FORT MYERS, Fla. -- Twins pitcher Scott Baker doesn't get flustered by very much when he's on the mound.

But Baker admitted that he thought about asking pitching coach Rick Anderson on Saturday for a "mulligan," to move his start to another day.

On Friday night, Baker and the Twins verbally agreed to a four-year, $15.25 million contract that includes a fifth year, $9.25 million club option for 2013. But with Baker starting Saturday's Grapefruit League game, the deal wasn't going to be announced until after the pitcher exited the mound.

With that news on his mind, the right-hander acknowledged it wasn't quite a typical Spring Training outing.

"My head wasn't quite where it needed to be," Baker said. "But it was OK. I was just trying to make good pitches and I think I did that today."

Baker seemed to make it through his start just fine considering the circumstances. He pitched four innings against the Pirates, giving up one run on six hits.

And after the start, it seemed impossible for Baker not to smile when the first question posed to him was about his new contract.

"It was kind of a no-brainer," Baker said of the deal. "This is obviously a place that I enjoy being. My family loves Minneapolis. If you can't play for [manager Ron Gardenhire], then something is wrong with you. And I work well with [Anderson]. I like what's going on here and this is where we want to be."

"It gives us some security and it gives them some certainty of payroll. I think, overall, everybody is very happy."

For Minnesota, the contract locked up the pitcher now considered its ace.

Baker, 27, was 11-4 with a 3.45 ERA in a career-high 28 starts for the Twins last season. He was the oldest starter in a very talented young rotation and took over the role as the leader of the group. Minnesota rewarded Baker this winter by naming him the Opening Day starter.

Now the club has rewarded him in another way.

Baker's new contract will pay him $750,000 in 2009, $3 million in '10, $5 million in '11 and $6.5 million in '12.

The right-hander was scheduled to be arbitration-eligible after the '09 season, so the contract buys out his three arbitration years. And should the Twins choose to pick up the option, it would also cover Baker's first year of free agency.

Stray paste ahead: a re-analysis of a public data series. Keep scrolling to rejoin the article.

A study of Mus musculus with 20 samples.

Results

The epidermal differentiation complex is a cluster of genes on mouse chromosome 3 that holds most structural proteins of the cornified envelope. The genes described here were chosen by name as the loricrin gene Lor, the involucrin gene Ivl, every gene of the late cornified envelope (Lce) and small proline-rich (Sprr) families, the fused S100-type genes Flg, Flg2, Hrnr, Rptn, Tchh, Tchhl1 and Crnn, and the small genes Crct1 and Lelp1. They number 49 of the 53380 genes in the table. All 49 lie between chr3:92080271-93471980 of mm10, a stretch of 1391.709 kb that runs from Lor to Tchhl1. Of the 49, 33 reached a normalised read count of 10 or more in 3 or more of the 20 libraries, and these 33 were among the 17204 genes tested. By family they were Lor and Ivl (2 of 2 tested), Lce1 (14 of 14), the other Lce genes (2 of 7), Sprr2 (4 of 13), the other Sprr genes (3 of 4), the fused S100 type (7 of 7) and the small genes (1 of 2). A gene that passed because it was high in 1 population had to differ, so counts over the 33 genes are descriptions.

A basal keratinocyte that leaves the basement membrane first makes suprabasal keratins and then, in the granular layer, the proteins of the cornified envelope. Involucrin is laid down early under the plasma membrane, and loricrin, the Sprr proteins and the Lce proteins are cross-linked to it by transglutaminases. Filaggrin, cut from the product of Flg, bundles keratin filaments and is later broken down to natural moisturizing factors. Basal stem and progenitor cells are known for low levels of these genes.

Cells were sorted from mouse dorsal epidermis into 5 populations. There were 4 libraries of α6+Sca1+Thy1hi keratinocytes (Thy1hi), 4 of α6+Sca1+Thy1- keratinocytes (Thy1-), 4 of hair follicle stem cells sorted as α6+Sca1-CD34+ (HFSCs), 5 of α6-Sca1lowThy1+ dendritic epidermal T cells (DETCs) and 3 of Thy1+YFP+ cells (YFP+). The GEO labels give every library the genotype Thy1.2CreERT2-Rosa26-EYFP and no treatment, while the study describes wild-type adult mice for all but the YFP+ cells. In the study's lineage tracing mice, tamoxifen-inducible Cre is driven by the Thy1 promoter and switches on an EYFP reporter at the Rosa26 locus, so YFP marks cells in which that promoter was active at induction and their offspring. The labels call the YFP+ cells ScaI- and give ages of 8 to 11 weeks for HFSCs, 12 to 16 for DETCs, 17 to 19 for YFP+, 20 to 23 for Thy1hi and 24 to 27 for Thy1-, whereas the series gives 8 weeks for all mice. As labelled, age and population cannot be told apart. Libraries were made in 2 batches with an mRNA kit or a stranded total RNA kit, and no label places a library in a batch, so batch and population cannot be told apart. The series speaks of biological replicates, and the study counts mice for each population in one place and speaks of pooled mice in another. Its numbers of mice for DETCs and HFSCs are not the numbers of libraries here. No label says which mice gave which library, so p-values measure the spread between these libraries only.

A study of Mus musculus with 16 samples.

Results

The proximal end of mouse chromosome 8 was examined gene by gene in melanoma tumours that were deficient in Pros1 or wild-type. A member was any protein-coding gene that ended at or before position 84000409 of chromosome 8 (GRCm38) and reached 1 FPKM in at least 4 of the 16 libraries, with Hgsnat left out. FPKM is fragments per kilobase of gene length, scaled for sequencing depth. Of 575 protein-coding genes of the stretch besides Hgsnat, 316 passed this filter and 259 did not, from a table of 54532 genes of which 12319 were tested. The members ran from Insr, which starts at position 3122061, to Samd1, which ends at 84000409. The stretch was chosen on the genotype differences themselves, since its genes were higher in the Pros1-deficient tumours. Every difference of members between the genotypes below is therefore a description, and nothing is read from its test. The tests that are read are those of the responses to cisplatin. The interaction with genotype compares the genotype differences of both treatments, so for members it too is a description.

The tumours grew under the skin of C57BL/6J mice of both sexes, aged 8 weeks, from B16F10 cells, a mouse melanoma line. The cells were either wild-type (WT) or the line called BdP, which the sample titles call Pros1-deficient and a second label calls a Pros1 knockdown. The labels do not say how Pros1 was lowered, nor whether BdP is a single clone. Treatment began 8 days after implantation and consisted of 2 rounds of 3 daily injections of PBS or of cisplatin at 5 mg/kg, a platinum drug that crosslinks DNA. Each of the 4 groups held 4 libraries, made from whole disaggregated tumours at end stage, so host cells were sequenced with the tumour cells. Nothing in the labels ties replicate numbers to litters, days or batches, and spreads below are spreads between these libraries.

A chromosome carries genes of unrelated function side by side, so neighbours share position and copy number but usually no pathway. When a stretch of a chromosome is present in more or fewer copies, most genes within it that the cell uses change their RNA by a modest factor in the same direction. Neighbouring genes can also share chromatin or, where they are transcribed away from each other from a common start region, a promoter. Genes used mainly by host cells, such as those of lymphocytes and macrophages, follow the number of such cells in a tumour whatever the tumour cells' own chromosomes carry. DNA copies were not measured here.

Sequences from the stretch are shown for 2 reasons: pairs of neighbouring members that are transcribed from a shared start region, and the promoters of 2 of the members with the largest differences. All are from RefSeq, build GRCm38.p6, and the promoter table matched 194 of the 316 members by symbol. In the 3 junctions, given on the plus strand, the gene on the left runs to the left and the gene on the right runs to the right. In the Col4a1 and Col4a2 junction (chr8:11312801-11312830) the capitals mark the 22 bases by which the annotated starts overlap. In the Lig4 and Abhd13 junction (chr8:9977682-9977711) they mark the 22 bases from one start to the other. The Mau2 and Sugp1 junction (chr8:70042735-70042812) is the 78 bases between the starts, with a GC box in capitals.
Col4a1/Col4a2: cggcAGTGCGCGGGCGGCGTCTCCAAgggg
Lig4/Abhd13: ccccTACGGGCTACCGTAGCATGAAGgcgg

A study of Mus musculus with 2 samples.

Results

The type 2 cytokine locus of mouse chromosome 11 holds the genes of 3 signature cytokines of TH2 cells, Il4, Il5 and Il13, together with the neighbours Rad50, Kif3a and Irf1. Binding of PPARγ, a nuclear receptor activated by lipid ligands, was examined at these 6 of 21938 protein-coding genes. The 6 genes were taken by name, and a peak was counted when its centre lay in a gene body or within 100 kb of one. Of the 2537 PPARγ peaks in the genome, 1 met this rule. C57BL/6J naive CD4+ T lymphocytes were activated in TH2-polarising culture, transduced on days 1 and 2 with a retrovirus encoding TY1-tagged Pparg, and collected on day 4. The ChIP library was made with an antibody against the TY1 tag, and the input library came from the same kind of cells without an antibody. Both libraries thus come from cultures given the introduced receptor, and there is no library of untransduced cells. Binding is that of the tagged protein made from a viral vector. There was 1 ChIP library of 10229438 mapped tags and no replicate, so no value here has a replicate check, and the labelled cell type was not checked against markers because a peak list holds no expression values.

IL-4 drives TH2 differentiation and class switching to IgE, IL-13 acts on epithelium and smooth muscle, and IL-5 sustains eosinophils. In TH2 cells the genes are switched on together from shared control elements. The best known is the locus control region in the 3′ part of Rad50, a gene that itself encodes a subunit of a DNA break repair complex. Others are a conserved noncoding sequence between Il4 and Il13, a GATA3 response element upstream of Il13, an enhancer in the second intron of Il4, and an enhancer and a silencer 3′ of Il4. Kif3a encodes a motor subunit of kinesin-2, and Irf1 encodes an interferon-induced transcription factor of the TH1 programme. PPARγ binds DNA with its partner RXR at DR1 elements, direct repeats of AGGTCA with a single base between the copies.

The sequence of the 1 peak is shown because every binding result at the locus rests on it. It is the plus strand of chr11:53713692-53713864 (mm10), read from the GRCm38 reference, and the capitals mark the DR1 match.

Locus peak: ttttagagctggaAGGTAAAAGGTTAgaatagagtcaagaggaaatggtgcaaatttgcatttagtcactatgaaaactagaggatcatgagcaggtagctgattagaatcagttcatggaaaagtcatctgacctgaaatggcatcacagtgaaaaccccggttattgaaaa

"We have a big group that's going to be due [for arbitration] next year," Twins general manager Bill Smith said. "And we started to look and see if there was somebody that stood out as a guy that warranted a multiyear deal. Across the board, he was the one."

Drafted by the Twins in the second round of the 2003 First-Year Player Draft, Baker has been one of the most consistent starters for the ballclub over the last two years. The right-hander has gone 20-13 with a 3.81 ERA while throwing a total of 316 innings.

Baker holds a career 28-24 record with a 4.23 ERA in 78 appearances for the Twins.

"He's come into his own here, and he's become a very good pitcher," Gardenhire said. "One of our starting pitchers is now locked up, and rightfully so."

Baker's agent, Bobby Witt, and Twins assistant GM Rob Antony began negotiating the contract just a couple weeks ago, and the deal came together quickly.

The Twins have given out a few multiyear contracts to players in recent years, but the majority of those have gone to position players.

"For them to do this is definitely a big vote of confidence for me," Baker said. "It's just something they haven't done much in the past."

Smith acknowledged that four years is a long contract for a pitcher, considering all of the risks involved, particularly health. But the club felt if anyone was fit for such a deal, it was Baker.

"He has made very good progress the last few years," Smith said. "And you know he takes care of his body. He's a good teammate. He's good on the field, good off the field. He's a little bit of a leader among that starting rotation."

Baker already is considered one of the hardest workers on the ballclub. He said that work ethic isn't going to let up now that he's got a long-term contract in place. Instead, he believes it can only be a positive -- much like Jason Kubel's recent multiyear deal has had an impact on him this spring.

"It's not necessarily what drives me, the big contract," Baker said. "But it does make it a lot easier to go out there and perform."

With the contract, Baker gets the security he desired. But considering the record contract numbers being awarded through arbitration in recent seasons, is he worried about the money he might be leaving on the table should he have a huge season?

"I don't think in any way I'll regret this decision," Baker said. "If I have great seasons or average seasons, I'm very happy with the decision."

Even with Baker signed, the Twins still could have nine arbitration-eligible players this winter: Boof Bonser, Jesse Crain, Carlos Gomez, Matt Guerrier, Brendan Harris, Francisco Liriano, Pat Neshek, Glen Perkins and Delmon Young.

Smith was asked whether the club might consider working on multiyear deals for any of those players.

"We'll move forward with the rest of the group at the appropriate time," Smith said. "But again, there are a lot of factors that go into it. You have to make sure you have the right player -- from an evaluation standpoint and from a maturity standpoint. There are a lot of other factors.

"We haven't been afraid to do it in the past. We've done a number of them. We're open to talking to some other players about that."